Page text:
No Special Treatment for Workers With Disabilities, Please

There's an ignoble side to the Americans with Disabilities Act that I'd really like to see change in Corporate America and beyond. The ADA, the landmark law that prohibits discrimination against people with disabilities in the workplace, can work for and against workers.

The ADA, the landmark law that prohibits discrimination against people with disabilities in the workplace, can work for and against workers. Let me give you two examples.

First, I am someone with a disability. Being paralyzed from the shoulders down requires my use of a large sip-and-puff-powered wheelchair, which makes my situation fairly explicit. Like many with my condition, I benefited from the ADA and hold a college degree and a Master's degree. I have worked as a health policy analyst for more than 15 years.

I've never seen my disability as anything other than a value-added credential. I may do some things differently than others, but it has never impacted my ability to do my job. In some ways, my disability has challenged me to work harder than my peers to achieve my goals.

The ADA clearly states that individuals, disability or not, must be able to fulfill the core functions of the job for which they are applying. The law is crystal clear: Either you have the requisite skills to perform the essential functions or you do not. There's no gray area; no special treatment is required.

In Corporate America in particular, the courts have sided on behalf of employers on this issue. Yet I still hear about businesses being afraid to hire workers with disabilities out of fear of ADA lawsuits if the worker is fired or let go. Even worse, I've seen cases of paternalism in the workplace -- special protections given to workers -- because of the ADA.

Which brings me to my second example. I worked with a man named Russell many years ago. Like me, Russell has a significant disability. He had been working at the same place for more than 20 years when I met him.

As I began to build a relationship with Russell, I was amazed at his background and tenure. He held two Master's degrees and had worked his way across numerous programs. When I finally had the chance to work on a joint project with Russell, I thought I was getting a great opportunity to glean his wisdom and expertise. Unfortunately this was not my experience.

I was shocked to find that Russell's skills were rusty, even nonexistent. He was assigned menial tasks and struggled with basic analytical tasks. I was baffled: How could someone with a strong educational background and long work history have so few job skills?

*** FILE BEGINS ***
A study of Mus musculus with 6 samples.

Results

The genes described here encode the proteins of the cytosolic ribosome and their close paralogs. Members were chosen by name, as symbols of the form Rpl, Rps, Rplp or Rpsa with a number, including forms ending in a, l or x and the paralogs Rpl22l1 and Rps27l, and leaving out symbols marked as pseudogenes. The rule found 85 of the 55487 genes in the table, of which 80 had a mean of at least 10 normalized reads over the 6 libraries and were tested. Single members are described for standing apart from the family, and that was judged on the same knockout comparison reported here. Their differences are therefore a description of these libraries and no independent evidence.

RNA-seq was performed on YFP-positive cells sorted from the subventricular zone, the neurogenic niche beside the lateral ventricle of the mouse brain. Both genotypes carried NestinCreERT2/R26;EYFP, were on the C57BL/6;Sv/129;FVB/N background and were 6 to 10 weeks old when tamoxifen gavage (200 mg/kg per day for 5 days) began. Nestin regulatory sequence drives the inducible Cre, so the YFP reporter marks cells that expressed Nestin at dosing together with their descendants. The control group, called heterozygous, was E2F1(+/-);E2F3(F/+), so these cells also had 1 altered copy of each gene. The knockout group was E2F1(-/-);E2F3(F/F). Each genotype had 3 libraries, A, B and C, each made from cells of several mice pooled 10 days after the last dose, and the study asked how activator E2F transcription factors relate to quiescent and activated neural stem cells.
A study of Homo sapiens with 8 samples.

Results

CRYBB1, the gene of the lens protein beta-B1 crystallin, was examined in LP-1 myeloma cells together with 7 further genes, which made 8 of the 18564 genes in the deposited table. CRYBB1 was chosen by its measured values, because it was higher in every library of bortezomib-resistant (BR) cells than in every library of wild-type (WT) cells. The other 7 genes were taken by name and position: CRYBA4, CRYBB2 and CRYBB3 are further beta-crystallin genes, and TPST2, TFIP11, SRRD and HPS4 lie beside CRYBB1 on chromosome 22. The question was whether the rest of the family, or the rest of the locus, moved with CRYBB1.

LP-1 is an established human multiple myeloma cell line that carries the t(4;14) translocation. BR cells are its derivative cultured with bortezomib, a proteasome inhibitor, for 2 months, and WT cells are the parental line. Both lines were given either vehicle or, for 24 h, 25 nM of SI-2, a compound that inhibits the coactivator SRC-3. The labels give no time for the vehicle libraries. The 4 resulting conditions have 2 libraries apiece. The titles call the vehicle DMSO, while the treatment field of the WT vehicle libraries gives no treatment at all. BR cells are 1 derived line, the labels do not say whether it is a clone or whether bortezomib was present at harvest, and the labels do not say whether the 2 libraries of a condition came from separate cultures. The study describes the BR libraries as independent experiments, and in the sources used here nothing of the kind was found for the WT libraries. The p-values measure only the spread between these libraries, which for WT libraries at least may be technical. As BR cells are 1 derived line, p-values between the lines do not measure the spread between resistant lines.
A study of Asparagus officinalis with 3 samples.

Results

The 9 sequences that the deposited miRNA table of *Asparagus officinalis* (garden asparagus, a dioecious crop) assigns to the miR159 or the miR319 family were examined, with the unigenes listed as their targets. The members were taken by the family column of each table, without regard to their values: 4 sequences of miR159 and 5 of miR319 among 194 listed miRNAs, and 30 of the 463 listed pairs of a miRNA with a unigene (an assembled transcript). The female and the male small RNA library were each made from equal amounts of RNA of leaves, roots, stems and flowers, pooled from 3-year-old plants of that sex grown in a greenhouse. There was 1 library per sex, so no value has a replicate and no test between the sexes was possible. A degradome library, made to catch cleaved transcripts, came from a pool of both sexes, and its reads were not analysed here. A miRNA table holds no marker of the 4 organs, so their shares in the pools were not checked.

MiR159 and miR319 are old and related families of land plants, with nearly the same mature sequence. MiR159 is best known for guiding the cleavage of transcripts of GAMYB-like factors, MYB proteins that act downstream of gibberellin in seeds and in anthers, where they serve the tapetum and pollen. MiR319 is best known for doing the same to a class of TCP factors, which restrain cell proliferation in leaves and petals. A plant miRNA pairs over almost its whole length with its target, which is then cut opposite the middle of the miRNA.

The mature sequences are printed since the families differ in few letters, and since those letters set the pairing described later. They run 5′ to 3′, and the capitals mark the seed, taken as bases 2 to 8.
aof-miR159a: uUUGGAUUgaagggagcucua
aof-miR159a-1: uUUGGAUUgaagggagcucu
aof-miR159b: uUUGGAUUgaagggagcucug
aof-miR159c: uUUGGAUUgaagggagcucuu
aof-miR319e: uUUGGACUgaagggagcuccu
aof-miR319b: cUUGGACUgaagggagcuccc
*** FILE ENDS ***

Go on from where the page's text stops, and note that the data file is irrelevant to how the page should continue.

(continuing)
Then I realized that Russell has never had anyone manage or mentor him. He never had anyone critique his work, give him feedback on what he was doing wrong, or facilitate a plan to improve his performance. Instead, Russell's boss had been moving him along for the last 20 years allowing him to assume his work was good, if not great.

This side of the ADA really worries me. A company might hire a person with a disability but fail to nurture him or her. As I told the Washington Post's Wonkblog in a recent interview, paternalism in the workplace has the potential to diminish people's skills. Workers don't get good management saying,"You're putting out a terrible product, and we need a plan of correction." Thus they don't improve.

Many people with disabilities, including myself, have a fear that we might be treated differently than non-disabled people regarding work expectations. I often worry that somehow, someone's not going to tell me, "You're not doing good work," either to protect my feelings, keep their diversity hiring goals intact or assuage lawsuit fears.

Today I live every workday working hard, preferring feedback on what I can do better over what I've done well. It's also why I'm involved in the Think Beyond the Label campaign to raise awareness for businesses to hire more people with disabilities. I even appeared in its national TV advertisements in 2010, where I humorously interacted with a HR person looking to hire someone like me.

In short, no person should be hired if they can't perform the essential function of the job. But if they can, they should seek out and receive the best management and direction they can get. They should have a chance to build their job skills and be promoted, which will open new opportunities for a better and more independent future.

The ADA is not just about hiring -- though that's a big part. The ADA is about consistently nurturing and developing a worker's abilities and holding their skills and talents to the standards of everyone else, while providing needed accommodations where feasible for the employer.

My advice to HR personnel is this: Don't be nervous about hiring someone with disability. Lawsuits are few and far in between, and the ADA is on your side. Hold us to your highest standards and we'll be aim to be your best worker.

The Boston Celtic's legend Bill Russell hit the nail on the head when he remarked, "You know you've reached equality when you get fired for the same reasons as everyone else." This is well put and succinctly captures the essence -- and the noble side -- of what the ADA stands for.